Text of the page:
SHELL BLUFF, Ga. (AP) — No. 14433 doesn't stand out from the herd at Seven Oaks Dairy. But dairy owner Richard Watson knows everything about the brown Jersey heifer without even looking at her.
Watson keeps tabs on the cow, and dozens like her at his 3,000-acre operation near Waynesboro, through sensor-laden collars that wirelessly transmit health data to his computer and smartphone.
The product, an app called Ida, lets him know when the cow is standing or resting. It lets him know when she eats and drinks, and how much. And most important, it lets him know whether she is healthily producing the milk his farm depends on for its survival.
Sick cows are bad for business, and Ida is his early-warning device.
"If it fixes a 10 percent problem with a herd of 100 cows, we're talking tens of thousands of dollars," said Watson, whose 2,500 cows are spread across three farms. "For us, a 10 percent problem is hundreds of thousands of dollars. So if we can extract an extra 10 percent efficiency out of the system, then it's a five or six times return on the investment. So it makes complete sense to do it."
Watson's Burke County dairies have been testing Ida for a little more than a month. The "intelligent dairy app" was released last year by Netherlands-based Connecterra, which runs herd data through Google's TensorFlow open-source artificial intelligence software to ensure the bovines are behaving as they should.
To produce prodigious amounts of milk, dairy cows spend roughly 90 percent of their time resting, eating and ruminating — a process known as "chewing the cud," in which previously consumed feed is regurgitated and masticated a second time. Illness, bad weather and other factors can disrupt the feeding routine and lower a cow's milk production.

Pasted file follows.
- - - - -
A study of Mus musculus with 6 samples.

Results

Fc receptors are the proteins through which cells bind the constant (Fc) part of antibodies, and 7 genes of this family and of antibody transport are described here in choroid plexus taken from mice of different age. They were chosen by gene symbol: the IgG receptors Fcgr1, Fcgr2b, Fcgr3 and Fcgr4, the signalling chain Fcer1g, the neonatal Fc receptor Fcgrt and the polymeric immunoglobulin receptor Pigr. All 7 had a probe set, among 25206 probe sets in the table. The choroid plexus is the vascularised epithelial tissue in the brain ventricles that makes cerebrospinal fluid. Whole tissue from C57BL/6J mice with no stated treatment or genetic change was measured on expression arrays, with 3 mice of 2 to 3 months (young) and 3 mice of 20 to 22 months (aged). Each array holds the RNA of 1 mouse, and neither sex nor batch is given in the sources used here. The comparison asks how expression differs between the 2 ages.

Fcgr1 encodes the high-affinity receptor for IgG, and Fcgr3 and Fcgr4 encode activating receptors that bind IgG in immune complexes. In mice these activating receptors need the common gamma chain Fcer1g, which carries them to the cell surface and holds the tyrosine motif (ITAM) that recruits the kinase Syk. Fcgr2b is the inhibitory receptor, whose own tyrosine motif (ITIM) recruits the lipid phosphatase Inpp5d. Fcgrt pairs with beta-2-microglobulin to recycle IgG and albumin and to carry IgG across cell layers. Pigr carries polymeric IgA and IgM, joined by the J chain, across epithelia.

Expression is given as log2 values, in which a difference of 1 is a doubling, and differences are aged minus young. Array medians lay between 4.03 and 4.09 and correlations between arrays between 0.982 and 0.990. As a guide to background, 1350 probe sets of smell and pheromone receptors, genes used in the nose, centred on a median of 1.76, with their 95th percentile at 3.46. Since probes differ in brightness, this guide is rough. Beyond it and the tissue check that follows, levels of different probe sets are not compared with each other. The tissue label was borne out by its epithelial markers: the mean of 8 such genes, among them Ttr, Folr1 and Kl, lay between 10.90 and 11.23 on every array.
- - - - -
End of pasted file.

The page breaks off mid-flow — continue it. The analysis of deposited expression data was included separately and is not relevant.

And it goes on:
"The number of hours a cow is ruminating is what you want to know," Niels Molenaar, Connecterra's customer success manager, said during a visit to Watson's farm. "You want to know which of your cows are healthy and which are not. We point out the cows that are unhealthy and help the farmer treat them to make sure they are as happy and healthy as they can be."
Molenaar said Ida is being used on more than 2,000 cows in seven countries. Subscriptions range from $3 to $9 per month per cow depending on the service level, according to prices listed on Connecterra's website. Watson's dairy is the first in Georgia to use the technology.
The product has been called a "Fitbit for cows," but unlike the popular activity-tracking wristwatch, Ida's data is crunched by Google's TensorFlow machine-learning system, which not only monitors activity and biometrics but also can predict fertility cycles and identify looming health problems, such as a digestive disorder.
"It's not only telling you what the cow is doing, but it's taking those actions and synthesizing that data to figure out what it means," said Justin Burr, a spokesman for Google's artificial intelligence division. "Without that, you would just be observing these cows visually and trying to figure what's going on with them, which is essentially impossible and very time consuming."
Watson, a native New Zealander, started his free-range dairy 10 years ago after retiring from the University of Georgia's agricultural science faculty. His farms operate under the Hart Agriculture brand in rural Burke County, which the U.S. Department of Agriculture says is Georgia's second-biggest milk-producing county.
Nationally, dairy farms are declining in number but growing larger in size. The average dairy in 1970 had just 19 cows, according to the USDA. Today, most dairies have between 1,000 to 5,000 cows.
Watson said herd-management technology is becoming an indispensable part of his operation.
"I've got 500 cows just on this farm," he said. "As a farmer-owner-operator, I can't possibly get around to all 500 of those cows in a given day and make sure their welfare and well-being is being looked after. We needed some remote-sensing technology — something like this to help us manage our cows."